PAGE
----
Visitors to the 1933 Chicago World’s Fair (theme: Century of Progress) attended to see innovations in architecture, science, technology and transportation. The up-to-date (and somewhat futuristic) architecture, design, and building materials were fully on display at the “Homes of Tomorrow” exhibition.
After the exposition ended in 1934, real estate developer Robert Bartlett purchased five of the homes to put on display at his new lake side resort, Beverly Shores, in Indiana. Four of the buildings were loaded onto barges and floated across the lake, while the fifth was dismantled, moved by truck, and reassembled at the site.
Over the years, the houses have passed through various owners, ending up with the National Park Service (NPS) and the houses are listed on the National Register of Historic Places. Time and weather have not been kind to the houses, and they all have been in various stages of disrepair.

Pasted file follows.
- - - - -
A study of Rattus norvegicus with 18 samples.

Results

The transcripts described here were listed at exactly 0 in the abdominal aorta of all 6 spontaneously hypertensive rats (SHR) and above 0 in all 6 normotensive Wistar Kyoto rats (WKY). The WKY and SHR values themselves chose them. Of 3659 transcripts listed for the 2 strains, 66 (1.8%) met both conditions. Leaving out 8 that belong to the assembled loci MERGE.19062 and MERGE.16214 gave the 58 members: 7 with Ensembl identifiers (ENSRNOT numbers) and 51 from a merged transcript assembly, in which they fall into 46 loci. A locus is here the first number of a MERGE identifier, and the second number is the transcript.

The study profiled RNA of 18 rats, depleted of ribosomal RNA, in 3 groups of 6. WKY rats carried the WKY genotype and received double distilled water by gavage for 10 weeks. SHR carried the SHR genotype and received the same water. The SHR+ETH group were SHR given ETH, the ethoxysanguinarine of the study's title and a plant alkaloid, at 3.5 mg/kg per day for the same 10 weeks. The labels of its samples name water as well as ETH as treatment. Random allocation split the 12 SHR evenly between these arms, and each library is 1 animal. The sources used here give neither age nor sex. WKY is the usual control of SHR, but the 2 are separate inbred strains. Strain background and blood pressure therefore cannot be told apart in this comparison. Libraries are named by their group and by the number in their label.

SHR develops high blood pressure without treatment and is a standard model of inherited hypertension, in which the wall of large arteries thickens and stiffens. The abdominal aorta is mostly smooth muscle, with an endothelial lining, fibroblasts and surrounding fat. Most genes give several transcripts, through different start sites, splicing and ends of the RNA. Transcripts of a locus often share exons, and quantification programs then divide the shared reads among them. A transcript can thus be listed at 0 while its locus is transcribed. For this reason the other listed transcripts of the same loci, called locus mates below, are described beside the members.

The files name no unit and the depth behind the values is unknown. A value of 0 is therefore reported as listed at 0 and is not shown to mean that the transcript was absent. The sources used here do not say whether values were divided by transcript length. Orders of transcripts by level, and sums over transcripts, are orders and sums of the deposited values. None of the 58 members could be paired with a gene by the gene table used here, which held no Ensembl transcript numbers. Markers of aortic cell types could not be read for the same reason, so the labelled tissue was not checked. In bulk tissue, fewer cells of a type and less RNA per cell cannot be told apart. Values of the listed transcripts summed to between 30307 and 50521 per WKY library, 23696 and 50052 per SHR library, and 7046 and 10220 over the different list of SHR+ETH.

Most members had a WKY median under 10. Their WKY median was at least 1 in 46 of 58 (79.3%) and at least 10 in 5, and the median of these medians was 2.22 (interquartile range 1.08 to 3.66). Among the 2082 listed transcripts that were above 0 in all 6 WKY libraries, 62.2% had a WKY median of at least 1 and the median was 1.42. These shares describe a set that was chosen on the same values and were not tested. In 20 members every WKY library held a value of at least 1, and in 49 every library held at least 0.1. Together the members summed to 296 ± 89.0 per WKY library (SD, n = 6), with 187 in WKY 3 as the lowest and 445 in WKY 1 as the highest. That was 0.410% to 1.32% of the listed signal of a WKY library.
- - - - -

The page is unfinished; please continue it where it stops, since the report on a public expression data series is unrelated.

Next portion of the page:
NPS has sub-leased the properties to the Historic Landmarks Foundation of Indiana, which has worked with private individuals or families by leasing the homes to the families, who are rehabilitating them.
Today, a visit to the Indiana Dunes National Lakeshore gives visitors an opportunity to see the Wieboldt-Rostone House, the House of Tomorrow, the Florida Tropical House, the Cypress Log Cabin, and the Armco-Ferro House. For the casual visitor, the simplest thing is to park and view the houses from the road – informational placards are set up for each of them, with plenty of interesting info.
For those interested in seeing inside, the National Park Service offers tours by reservation only one day each in October. As you can guess, since they are first-come, first-served, tickets are not easy to come by, but it’s worth taking a chance when tickets become available in early September.
At less than two hours from Chicago, the houses are well-worth a visit, especially when combined with some nearby hiking trails and a visit to the Lake Michigan beaches. Camping is available through the Indiana Dunes National Lakeshore as well as the Indiana Dunes State Park. For more info, visit NPS.gov.